This week the shares, which are down 22% over the past 12 months, received a boost this week, thanks to a canny clause inserted in the takeover of Ladbrokes Coral earlier this year. When MPs vote on Monday to enact legislation to reduce the maximum stake allowed on fixed-odds betting machines from £100 to £2, it will result in the group's bettings shops being a lot less profitable. As part of the takeover, GVC offered to pay another £676m to Ladbrokes former shareholders if the law did not change before the end of March. But this deadline now looks almost certain not to be missed, meaning GVC can keep that cash.
For 2018, the group is targeting £3.5m of sales and underlying profits of almost £740m. While the future UK business will be hit by the FOBT changes, across the pond the company has been one of the first movers in taking advantage of the legalisation of sports betting via a tie-up with MGM Casinos. Some analysts forecast GVC could have sewn up around a quarter of the US market by 2023.
Value retailer Findel was tipped as a 'buy' by Midas in the Mail on Sunday. Despite its online and catalogue sales rising 13% over the past 12 weeks, the shares are down more than 40% from July's near-five-year high amid the wider stock market sell-off and worries about the retail sector. Midas feels the does not reflect the company's performance or prospects, with sales of £506m and profits of £28.5m forecast for the year to March, rising to £537m and £31m in 2020.
Having dealt with legacy issues, including losing more than 99% if its value in the four years after the financial crisis and a bout of PPI misselling compensation, management now aim to double the group's £400m retail sales to £1bn over the next five years. With two divisions, the Studio retail brand and the Findel Education school supplies arm, the focus has moved from catalogue sales to online, with more than 70% of customers now buying from its websites.
The Studio arm, which sells clothing, kitchenware, furniture, household goods, Christmas paraphernalia and children's toys, generates the majority of sales and profits, with customer numbers having grown by 40% to 1.9m over the past two and a half years and with directors aiming to more than double in the medium-term. More than half of customer buy on credit, generating extra profit for the company. The education business "will probably be sold", allowing Findel to focus solely on the retail offer.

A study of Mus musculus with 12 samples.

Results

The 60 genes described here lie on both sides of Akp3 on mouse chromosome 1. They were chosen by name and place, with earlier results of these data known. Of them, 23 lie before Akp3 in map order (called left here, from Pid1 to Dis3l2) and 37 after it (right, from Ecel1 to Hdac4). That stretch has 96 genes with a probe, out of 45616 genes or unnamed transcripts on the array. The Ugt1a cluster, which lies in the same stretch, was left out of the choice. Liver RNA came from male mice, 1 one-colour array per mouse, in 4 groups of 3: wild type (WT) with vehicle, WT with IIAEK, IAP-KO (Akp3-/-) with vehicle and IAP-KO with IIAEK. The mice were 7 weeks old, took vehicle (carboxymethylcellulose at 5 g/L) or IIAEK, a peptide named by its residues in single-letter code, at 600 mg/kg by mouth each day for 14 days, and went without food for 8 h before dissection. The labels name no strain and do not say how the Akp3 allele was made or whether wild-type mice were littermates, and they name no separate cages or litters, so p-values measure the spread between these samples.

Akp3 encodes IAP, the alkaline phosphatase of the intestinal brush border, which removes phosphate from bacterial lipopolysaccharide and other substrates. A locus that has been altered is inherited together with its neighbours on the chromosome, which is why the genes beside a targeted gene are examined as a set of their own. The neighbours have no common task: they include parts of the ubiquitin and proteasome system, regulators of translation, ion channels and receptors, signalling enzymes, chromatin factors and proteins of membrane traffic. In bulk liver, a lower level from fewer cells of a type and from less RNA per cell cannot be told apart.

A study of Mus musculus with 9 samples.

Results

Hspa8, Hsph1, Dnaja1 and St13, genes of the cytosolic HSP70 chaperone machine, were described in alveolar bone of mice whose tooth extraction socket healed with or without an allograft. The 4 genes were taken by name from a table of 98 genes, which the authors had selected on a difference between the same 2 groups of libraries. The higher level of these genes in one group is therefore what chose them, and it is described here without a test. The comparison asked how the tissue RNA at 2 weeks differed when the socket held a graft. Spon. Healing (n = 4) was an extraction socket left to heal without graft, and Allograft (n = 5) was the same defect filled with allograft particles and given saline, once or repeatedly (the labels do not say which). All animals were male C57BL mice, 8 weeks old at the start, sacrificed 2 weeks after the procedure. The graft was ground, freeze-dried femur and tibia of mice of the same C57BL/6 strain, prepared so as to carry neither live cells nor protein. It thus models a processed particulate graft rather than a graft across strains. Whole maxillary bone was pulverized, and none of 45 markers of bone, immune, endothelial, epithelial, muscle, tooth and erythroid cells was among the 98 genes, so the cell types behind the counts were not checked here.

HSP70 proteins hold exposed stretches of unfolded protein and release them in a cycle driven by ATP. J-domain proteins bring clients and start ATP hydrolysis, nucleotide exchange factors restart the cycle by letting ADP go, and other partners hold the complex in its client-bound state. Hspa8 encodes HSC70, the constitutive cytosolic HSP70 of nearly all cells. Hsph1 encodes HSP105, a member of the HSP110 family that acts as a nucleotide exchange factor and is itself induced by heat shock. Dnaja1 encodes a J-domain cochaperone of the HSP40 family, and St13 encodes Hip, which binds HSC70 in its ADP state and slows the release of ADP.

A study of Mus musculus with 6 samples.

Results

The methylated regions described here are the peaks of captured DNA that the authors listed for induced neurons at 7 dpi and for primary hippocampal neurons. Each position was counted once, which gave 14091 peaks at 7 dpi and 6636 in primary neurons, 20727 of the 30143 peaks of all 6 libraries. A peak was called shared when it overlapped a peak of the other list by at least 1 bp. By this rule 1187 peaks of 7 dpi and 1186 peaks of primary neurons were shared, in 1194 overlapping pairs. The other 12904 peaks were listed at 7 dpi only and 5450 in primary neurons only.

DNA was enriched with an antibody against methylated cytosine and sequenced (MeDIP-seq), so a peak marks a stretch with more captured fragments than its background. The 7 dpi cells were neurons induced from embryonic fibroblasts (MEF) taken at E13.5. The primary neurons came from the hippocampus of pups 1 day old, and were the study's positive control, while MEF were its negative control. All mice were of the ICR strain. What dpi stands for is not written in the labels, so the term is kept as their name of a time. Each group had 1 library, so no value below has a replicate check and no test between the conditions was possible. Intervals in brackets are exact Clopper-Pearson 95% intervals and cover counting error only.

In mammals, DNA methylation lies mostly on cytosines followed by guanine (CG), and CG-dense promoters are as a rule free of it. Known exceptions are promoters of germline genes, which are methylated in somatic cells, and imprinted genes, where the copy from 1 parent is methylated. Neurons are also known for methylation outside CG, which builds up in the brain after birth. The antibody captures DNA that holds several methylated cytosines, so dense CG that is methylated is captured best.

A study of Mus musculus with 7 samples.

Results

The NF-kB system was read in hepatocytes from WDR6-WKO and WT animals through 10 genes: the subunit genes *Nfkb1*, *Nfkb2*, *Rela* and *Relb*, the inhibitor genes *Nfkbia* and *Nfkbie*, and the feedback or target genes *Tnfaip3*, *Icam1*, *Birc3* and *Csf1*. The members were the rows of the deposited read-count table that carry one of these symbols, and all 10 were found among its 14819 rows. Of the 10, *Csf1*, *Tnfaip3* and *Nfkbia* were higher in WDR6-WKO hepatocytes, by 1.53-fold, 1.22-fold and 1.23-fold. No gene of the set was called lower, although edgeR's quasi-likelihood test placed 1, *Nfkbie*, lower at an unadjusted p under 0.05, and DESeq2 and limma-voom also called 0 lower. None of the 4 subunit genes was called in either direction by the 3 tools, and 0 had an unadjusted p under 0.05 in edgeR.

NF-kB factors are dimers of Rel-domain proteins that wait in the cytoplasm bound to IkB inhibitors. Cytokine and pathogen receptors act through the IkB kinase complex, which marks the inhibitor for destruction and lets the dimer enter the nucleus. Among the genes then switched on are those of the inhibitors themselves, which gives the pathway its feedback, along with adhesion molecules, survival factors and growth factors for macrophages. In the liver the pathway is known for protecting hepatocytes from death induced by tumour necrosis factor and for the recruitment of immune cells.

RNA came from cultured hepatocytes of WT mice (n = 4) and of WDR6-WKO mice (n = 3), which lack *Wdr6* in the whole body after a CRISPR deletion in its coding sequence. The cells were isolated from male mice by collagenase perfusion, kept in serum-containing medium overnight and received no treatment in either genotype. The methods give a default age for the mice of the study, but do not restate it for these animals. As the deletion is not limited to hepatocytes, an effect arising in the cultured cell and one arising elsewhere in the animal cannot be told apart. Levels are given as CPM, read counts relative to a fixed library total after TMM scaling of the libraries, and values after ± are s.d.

Codemasters is "still in the driving seat" for Questor in the Sunday Telegraph and "it is worth investing" in the video games maker, which has not had an entirely smooth ride.
Codemasters floated on AIM back in June and swung to a first-half loss of £7.6m from the previous year's £1.4m profit recorded a year earlier, as revenues dropped 19.64% to £39.7m as it released two games in the half compared to three in the comparable period. Management was confident of seeing improved trading over the remainder of the year as it launches two more games in the second half: F1 Mobile Racing and DiRT Rally 2.0.
There has been some other encouraging news of late with Valve, the owner of PC gaming distribution platform Steam, announcing they will cut their revenue share on AAA games from the current 30% to 25% once revenue hits $10m, and then again to 20% for sales over $50m. Analysts at Liberum said the run-rate earnings benefit to Codemasters could be around 5% of profits, given that around 25% of revenues come from PC games. Talk in the industry that all distribution deals could go to down to 25% could imply upgrades of between 15% and 20% to operating profits Liberum said.
Broker Shore Capital recent suggested Codemasters said recent ventures into mobile market have made a slower start in revenue terms than initially anticipated, but have had a huge impact within the app market. But the company "looks to be in a strong position to capitalise on the substantial growth being forecast for the esports market as illustrated by its recent F1 series event which had 66,000 entries and a prize fund of $200,000". The company is also looking into more technology to support future developments in streaming within the cloud to allow more players to compete against each other across multiple platforms.